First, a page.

So the June FOMC meeting minutes were released a few days ago and they are a mixed bag. For all of the rather impressive talk of doubt whether the Phillips curve has meaning and interest expressed in the notion of getting people off their couches contained therein, the staff has something important to say about what actually happened in May that doesn’t rhyme with the overall theme of discussion:

Real GDP appeared to be rising at a much faster pace in the second quarter than in the first, and it was forecast to increase at a solid rate in the second half of this year. Over the 2018-20 period, output was projected to rise further above the staff’s estimate of its potential, and the unemployment rate was projected to decline further below the staff’s estimate of its longer-run natural rate. Relative to the forecast prepared for the May meeting, the projection for real GDP growth beyond the first half of 2018 was revised down a little in response to a higher assumed path for the exchange value of the dollar.

With real GDP rising a little less, on balance, over the forecast period, the projected decline in the unemployment rate over the next few years was a touch smaller than in the previous forecast.

Policy tightened in May as to bend down GDP and employment estimates. Therefore, I wonder about whether the surprising and new intellectual atmosphere of the meeting is anything more than just idle musing because tighter policy isn’t going to get us anywhere that is consistent with even the very basic meaning of the 2% symmetrical inflation target, a concept that has been stressed in the minutes and statements for years that is still left undone.

It is likely safe to view the discussions in the minutes as expressing a desire for clean streets absent the details of who will be picking up the broom.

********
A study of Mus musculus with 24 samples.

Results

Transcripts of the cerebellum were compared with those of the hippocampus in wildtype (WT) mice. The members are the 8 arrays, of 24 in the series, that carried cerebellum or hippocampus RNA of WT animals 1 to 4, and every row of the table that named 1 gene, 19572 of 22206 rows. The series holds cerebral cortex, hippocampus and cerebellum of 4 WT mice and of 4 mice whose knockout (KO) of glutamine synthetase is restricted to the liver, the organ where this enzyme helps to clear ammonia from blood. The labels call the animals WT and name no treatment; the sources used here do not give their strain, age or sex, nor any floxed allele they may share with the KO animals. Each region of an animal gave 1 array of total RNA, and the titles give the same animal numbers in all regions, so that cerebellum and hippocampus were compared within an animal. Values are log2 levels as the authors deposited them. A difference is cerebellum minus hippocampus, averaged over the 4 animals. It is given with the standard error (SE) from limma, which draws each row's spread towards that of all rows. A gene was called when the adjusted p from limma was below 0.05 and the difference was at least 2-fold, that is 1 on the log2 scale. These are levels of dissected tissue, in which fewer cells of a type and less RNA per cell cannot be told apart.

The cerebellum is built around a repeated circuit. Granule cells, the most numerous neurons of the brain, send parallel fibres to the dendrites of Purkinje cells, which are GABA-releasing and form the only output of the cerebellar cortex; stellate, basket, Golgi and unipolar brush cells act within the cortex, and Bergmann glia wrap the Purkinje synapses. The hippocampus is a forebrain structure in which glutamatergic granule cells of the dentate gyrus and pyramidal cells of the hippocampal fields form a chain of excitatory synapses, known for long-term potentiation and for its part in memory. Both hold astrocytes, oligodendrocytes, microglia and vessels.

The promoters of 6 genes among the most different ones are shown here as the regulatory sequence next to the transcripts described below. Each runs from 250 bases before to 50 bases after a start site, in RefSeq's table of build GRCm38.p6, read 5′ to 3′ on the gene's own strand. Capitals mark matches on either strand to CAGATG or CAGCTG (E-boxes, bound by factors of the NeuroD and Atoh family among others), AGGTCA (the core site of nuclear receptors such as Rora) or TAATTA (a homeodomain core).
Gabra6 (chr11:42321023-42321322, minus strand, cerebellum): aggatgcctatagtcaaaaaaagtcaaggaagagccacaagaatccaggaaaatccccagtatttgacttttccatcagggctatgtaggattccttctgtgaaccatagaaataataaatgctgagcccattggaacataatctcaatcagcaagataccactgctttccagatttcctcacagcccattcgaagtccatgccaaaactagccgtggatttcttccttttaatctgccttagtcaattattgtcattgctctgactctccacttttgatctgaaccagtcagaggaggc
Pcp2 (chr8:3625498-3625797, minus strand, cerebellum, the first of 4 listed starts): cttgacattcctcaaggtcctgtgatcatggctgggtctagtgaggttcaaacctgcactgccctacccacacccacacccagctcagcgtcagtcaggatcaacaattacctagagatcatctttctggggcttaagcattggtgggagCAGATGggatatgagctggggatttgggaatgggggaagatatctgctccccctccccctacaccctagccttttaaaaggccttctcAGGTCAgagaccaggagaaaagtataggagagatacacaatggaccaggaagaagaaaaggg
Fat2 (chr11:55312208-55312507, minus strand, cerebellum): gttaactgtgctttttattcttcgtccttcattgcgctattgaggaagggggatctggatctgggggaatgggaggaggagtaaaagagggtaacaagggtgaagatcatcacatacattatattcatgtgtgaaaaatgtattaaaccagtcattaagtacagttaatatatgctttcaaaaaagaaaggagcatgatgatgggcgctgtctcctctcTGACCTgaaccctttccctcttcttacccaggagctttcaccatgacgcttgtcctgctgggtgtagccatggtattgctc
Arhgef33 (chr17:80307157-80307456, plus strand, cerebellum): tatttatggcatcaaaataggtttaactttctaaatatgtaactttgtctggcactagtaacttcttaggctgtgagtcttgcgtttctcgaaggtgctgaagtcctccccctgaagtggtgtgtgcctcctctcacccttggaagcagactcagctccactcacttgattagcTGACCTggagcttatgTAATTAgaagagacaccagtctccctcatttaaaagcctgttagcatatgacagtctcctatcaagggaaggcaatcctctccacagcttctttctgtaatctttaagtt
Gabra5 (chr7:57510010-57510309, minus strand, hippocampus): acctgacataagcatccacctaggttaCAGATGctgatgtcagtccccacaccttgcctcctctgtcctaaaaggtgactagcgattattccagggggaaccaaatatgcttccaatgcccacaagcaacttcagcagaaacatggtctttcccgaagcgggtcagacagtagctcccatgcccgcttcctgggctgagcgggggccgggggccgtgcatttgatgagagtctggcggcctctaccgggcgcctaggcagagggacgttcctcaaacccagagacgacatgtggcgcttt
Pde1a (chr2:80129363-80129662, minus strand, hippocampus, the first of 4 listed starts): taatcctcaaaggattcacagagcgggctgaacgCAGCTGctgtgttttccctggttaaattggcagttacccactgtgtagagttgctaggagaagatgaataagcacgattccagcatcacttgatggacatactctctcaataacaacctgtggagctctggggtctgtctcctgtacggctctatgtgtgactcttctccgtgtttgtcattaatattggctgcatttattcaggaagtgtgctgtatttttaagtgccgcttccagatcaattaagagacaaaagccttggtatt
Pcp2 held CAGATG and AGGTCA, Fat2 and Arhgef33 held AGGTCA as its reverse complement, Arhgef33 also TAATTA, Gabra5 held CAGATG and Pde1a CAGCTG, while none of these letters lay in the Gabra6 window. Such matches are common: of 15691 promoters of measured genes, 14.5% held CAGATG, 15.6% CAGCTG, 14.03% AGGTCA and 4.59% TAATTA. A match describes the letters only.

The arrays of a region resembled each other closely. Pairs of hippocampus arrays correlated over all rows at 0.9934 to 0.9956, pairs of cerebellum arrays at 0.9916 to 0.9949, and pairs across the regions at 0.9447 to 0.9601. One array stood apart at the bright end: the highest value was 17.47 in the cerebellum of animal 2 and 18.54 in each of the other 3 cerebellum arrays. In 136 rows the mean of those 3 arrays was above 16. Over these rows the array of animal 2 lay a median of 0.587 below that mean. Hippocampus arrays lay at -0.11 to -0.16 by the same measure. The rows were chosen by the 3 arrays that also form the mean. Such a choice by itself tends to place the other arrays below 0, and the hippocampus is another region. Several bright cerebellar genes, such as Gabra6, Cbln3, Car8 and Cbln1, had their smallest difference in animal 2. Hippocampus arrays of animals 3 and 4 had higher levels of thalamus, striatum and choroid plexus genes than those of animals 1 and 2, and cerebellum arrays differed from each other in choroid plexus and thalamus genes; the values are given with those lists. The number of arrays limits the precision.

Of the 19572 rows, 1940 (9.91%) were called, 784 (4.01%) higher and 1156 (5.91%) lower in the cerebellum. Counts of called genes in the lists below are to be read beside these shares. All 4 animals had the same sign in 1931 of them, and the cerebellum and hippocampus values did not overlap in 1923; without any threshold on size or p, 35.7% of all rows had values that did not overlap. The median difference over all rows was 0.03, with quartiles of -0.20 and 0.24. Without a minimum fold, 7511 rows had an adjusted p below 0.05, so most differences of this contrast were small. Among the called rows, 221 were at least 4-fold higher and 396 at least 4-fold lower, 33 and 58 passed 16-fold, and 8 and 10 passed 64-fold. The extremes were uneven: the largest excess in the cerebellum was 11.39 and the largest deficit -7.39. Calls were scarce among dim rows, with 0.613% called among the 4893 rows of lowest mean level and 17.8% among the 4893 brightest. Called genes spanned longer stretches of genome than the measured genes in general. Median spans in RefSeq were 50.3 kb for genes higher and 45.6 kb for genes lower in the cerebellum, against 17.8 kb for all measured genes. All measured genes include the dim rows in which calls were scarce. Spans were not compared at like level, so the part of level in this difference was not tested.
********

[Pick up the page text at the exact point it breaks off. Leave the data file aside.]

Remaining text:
The last vestige of the “hawk” camp remains, with one astounding sentence in the minutes dedicated:

Some participants raised the concern that a prolonged period in which the economy operated beyond potential could give rise to heightened inflationary pressures or to financial imbalances that could lead eventually to a significant economic downturn.

With potential being a murky topic, my concern here has a lot to do with both relevance of this statement to reality and competence. I certainly have my doubts that estimates of potential are any more accurate than estimates of the natural rate of unemployment, and potential is not static. So discussions about it are more or less based on a finger to the wind rather than anything resembling a tautology. It appears to me that there are those on the FOMC who, rather than expanding their own understanding of our dynamic reality, are happy to stuff the economy into their box of rigidly defined parameters even if the obviousness that it doesn’t fit is inescapable, breaking the law to do so. After all, that is one guaranteed way such a concerning outcome could occur; and at the very least, I am fearful of their incompetence and think they should step aside.